What does a clinical trial coordinator do?

Our Q&A session with a neuromuscular clinical trial coordinator.

Clinical trial coordinators play an important role in the successful running of clinical trials. So much so that drug companies are unlikely to select a hospital to run a trial if a clinical trial coordinator is not in post. To help build clinical trial capacity in the UK, we’re currently funding two clinical trial coordinator positions. Read our interview below with Hinal Patel – a senior clinical trial coordinator from the Dubowitz Neuromuscular Centre at Great Ormond Street Hospital (GOSH) – to learn more about her role.

Can you tell us a bit about yourself and your role?

From a young age I have always enjoyed learning about science and after completing my Masters degree in Cancer Therapeutics I knew I wanted to work in a clinical research environment.  Initially, I worked at Queen Marys University helping to coordinate cancer trials before moving to a MDUK-funded clinical trial coordinator position at GOSH in 2011. As a trials coordinator, I help with the setting-up and running of neuromuscular clinical trials at the hospital. This involves a range of tasks such as trial administration, informing clinical staff about trial protocols as well as organising participant travel.

What’s involved in setting up a clinical trial and how long does it take?

Setting up a clinical trial in the UK can be a lengthy process as it involves many stages. Firstly, a drug company needs to decide which hospital(s) will run the trial – also known as clinical study sites. To be selected, the hospital needs to complete a questionnaire to show it has the right resources to successfully conduct the trial (e.g. research staff, patient population and facilities). The speed of this selection process depends on the drug company; it can be as quick as two months but may take longer. Once selected, the hospital then needs to get approval from different regulatory bodies (ethics committees; MHRA, HRA and others as required). They make sure the trial is safe, well planned and in the patients best interest. In addition, all staff working on the trial need to be trained so that they know what the study protocol involves and what is expected from them. From my experience, once a hospital is selected to run a trial it usually takes six to nine months before patient recruitment can start.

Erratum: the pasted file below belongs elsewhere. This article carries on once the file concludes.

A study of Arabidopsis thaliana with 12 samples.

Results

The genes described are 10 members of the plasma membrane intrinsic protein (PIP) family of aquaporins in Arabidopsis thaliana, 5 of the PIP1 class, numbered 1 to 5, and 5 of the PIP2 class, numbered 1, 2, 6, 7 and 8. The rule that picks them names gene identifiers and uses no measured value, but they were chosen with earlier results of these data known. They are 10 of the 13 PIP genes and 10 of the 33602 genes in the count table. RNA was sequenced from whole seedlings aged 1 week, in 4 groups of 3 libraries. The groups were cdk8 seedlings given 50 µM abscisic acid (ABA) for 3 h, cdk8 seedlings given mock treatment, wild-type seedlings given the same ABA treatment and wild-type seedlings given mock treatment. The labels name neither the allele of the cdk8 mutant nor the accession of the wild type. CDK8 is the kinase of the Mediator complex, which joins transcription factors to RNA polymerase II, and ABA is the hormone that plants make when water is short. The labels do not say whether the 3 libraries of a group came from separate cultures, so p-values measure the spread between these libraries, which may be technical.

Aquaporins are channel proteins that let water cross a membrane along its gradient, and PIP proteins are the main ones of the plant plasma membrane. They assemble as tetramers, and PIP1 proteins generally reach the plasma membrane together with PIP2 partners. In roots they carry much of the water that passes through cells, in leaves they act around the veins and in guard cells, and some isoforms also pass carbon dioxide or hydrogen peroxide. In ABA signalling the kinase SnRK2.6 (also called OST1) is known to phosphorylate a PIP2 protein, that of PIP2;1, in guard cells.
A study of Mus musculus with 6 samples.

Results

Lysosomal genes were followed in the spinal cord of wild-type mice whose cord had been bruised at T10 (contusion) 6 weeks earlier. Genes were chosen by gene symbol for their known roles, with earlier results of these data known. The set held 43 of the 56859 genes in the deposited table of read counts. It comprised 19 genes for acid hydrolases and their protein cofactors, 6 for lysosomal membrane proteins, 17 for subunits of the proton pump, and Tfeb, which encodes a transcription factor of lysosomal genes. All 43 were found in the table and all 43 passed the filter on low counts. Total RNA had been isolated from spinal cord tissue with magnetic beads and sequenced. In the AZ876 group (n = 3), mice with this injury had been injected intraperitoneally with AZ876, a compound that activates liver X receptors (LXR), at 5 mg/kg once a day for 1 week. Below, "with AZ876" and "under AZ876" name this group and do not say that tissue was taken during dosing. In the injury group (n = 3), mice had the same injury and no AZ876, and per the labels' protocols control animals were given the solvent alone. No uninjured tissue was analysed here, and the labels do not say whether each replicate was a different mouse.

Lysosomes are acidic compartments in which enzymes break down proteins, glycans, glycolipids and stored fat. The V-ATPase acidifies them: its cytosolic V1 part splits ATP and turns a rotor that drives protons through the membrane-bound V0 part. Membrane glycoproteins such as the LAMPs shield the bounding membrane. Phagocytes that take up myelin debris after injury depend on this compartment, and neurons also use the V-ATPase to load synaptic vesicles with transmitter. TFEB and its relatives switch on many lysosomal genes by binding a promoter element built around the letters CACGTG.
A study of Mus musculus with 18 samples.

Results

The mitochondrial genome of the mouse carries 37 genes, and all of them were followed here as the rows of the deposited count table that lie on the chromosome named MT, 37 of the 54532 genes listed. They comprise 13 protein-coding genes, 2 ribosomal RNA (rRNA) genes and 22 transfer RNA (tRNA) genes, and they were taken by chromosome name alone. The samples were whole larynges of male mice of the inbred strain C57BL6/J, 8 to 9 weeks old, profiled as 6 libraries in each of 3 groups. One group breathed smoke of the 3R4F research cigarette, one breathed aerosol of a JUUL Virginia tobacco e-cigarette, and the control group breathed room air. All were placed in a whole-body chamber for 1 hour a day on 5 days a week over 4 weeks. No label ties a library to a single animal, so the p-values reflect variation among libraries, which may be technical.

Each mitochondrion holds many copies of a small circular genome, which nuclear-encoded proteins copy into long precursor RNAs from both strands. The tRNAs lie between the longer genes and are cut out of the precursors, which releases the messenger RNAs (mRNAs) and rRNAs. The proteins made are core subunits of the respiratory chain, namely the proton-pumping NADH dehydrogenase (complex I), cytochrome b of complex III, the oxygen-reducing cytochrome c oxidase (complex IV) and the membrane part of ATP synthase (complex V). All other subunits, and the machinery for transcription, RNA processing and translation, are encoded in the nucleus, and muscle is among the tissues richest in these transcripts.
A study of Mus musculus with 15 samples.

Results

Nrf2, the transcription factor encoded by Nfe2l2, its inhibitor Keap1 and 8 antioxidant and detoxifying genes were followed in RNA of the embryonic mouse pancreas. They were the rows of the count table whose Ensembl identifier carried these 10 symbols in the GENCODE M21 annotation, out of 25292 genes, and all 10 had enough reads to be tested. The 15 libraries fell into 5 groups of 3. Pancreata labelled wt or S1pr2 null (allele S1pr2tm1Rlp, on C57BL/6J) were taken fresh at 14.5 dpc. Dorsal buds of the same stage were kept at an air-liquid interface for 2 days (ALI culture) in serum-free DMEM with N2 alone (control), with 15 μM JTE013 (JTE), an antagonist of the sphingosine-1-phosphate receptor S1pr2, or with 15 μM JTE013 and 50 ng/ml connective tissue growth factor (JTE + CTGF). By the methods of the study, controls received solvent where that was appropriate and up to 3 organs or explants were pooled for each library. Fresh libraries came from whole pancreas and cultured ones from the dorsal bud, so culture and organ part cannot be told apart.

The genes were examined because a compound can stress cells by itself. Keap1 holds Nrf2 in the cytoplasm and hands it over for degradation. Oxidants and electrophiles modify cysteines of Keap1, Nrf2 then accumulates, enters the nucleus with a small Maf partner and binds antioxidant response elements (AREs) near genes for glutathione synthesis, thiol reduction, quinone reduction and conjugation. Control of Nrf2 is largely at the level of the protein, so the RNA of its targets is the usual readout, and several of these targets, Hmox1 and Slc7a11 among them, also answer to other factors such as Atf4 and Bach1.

Can anyone take part in a clinical trial taking place in the UK?

Yes, regardless of where someone lives in the UK they can take part in a trial as long as they are registered to a GP, have an NHS number and meet the eligibility criteria of the trial. The eligibility criteria will vary from study to study; you can find out about a trial’s eligibility criteria on clinicaltrials.gov or through the MDUK Research Line. You can also speak to your doctor to find out if you meet the criteria for a particular trial.

Will individuals have to pay any costs when participating in a trial?

Any travel, refreshments and accommodation (if required) costs are paid for. The way these expenses are paid can vary depending on the study. For some trials, participants are required to pay for their expenses and then they will be reimbursed. For other studies, we/parents can pre-book any travel/accommodation costs and have reimbursement through a travel system for refreshments. Before starting a trial, participants are told how the expenses during the study will be paid for.

Is it possible for a UK resident to take part in an international trial?

Every country has their own guidelines regarding trial recruitment, so it’s difficult to say if a UK resident would be eligible to participate in an international trial. I would recommend getting in contact with the trial’s clinical study site(s) for further information on its trial recruitment policy.

If someone has previously taken part in a trial can they take part in another one?

Individuals can usually take part in another study but may have to wait a certain period between trials. This is known as the wash-out period and usually is three to six months. This is to make sure an experimental drug is completely removed from the body before taking another one.

However, at the moment individuals that take part in a gene therapy study (when a virus is used to replace or modify a gene) will not be able to take part in future trials. This is because it is not known how long it takes for the virus to leave the body and is therefore difficult to define the wash-out period. 

What advice would you give to individuals interested in taking part in clinical trials?

I would recommend speaking to your neuromuscular consultant/nurse and signing-up to your condition specific registry. At GOSH, we recruit participants for clinical trials from our research database. We select individuals (who meet the eligibility criteria) in the order they were added, essentially a first come first serve approach. Anyone in the UK with a neuromuscular condition can be added to our database, just contact me (hinal.patel@ucl.ac.uk) or our senior research nurse, Katie Groves (Katie.groves@gosh.nhs.uk).


If you have any questions about clinical trials or research into your condition, please get in touch with the MDUK Research Line on 020 7803 4813 or research@musculardystrophyuk.org.